I have two friends with opposite views. Both are bright women and have amassed a meaningful amount of wealth. One sold all her stocks when Barack Obama won the presidency. The other liquidated her portfolio of equities after Donald Trump’s election. Both were wrong. Stocks, as measured by the S&P 500, produced a cumulative, total return of 116.5% from President Obama’s election day 2008 through President Trump’s election in November 2016. Stocks have risen 48.9% since then. Investing in one’s politics can be a risky business. Think of the opportunity cost to my two friends.
J.P. Morgan Asset Management’s 2019 Retirement Guide demonstrates the peril to investors of missing the best days in the stock market over a 20-year period. From Jan. 4, 1999, through Dec.r 31, 2018, the S&P 500 produced an annualized return of 5.62%. If an investor missed just the ten best days over that 20-year period their annualized return would have been 2.01%. Talk about opportunity cost! Missing the 20 best days? Your return would have dropped to a negative 0.33% annualized. Whatever the reason, attempting to time the market is dangerous to your net worth.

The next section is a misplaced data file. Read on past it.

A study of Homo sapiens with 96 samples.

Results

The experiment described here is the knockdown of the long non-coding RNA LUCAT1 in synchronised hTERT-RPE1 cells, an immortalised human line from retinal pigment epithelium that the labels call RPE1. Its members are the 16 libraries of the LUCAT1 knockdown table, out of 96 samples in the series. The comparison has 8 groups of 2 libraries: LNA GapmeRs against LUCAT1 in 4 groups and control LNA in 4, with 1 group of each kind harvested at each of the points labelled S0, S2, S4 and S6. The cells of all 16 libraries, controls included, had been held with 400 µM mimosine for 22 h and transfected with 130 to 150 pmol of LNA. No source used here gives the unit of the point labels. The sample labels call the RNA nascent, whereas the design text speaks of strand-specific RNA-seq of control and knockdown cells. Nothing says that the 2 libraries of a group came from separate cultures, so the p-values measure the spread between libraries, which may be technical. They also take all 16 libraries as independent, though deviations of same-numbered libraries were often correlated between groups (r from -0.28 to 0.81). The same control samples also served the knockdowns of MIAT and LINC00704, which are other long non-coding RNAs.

The willingness to own equities and the determination of how much to own should be based on your risk tolerance, age, income needs and other personal factors. But if you are interested in being exposed to stocks it is always wise to tune out the noise and remember what the great Peter Lynch of Magellan fame advised: “The key to making money in stocks is not to get scared out of them.”
This year amidst all the conflicting economic data and an easing Fed under siege by a tempestuous presidential tweet storm, it may all come down to trade.
Why is trade important to the average investor? Well, it may be as simple as the warning Fred Smith, CEO of FedEx Corp. gave on the company’s recent and disappointing earnings call. Smith said the company was reducing capacity because the trade deal “has reduced the movement of goods internationally.” Reduced movement of goods slows growth and growth is mother’s milk to corporate earnings.
To be sure it isn’t just trade troubles with China. The administration is about to announce a new, narrow trade deal with Japan after years without a deal. NAFTA 2.0 (USMCA) is languishing in Congress and the president has threatened tariffs on European autos. Trade conflict with multiple trading partners gives corporate CEOs pause. We have seen that concern reflected in the lack of capital expense spending this year which has resulted in a slowdown in industrial activity.
The trade conflict has put stress on the economy, though not yet on the consumer. Low unemployment, rising wages, lower taxes and lower gas prices at the pump have put more money in the consumer’s pocket.
It’s best to buy great companies you know and understand, collect and reinvest the dividends and avoid the noise of politics and investment pundits who don’t consider your personal objectives. If the trade issues resolve – all things being equal – the market may experience another leg up. And, it would be a shame to miss it.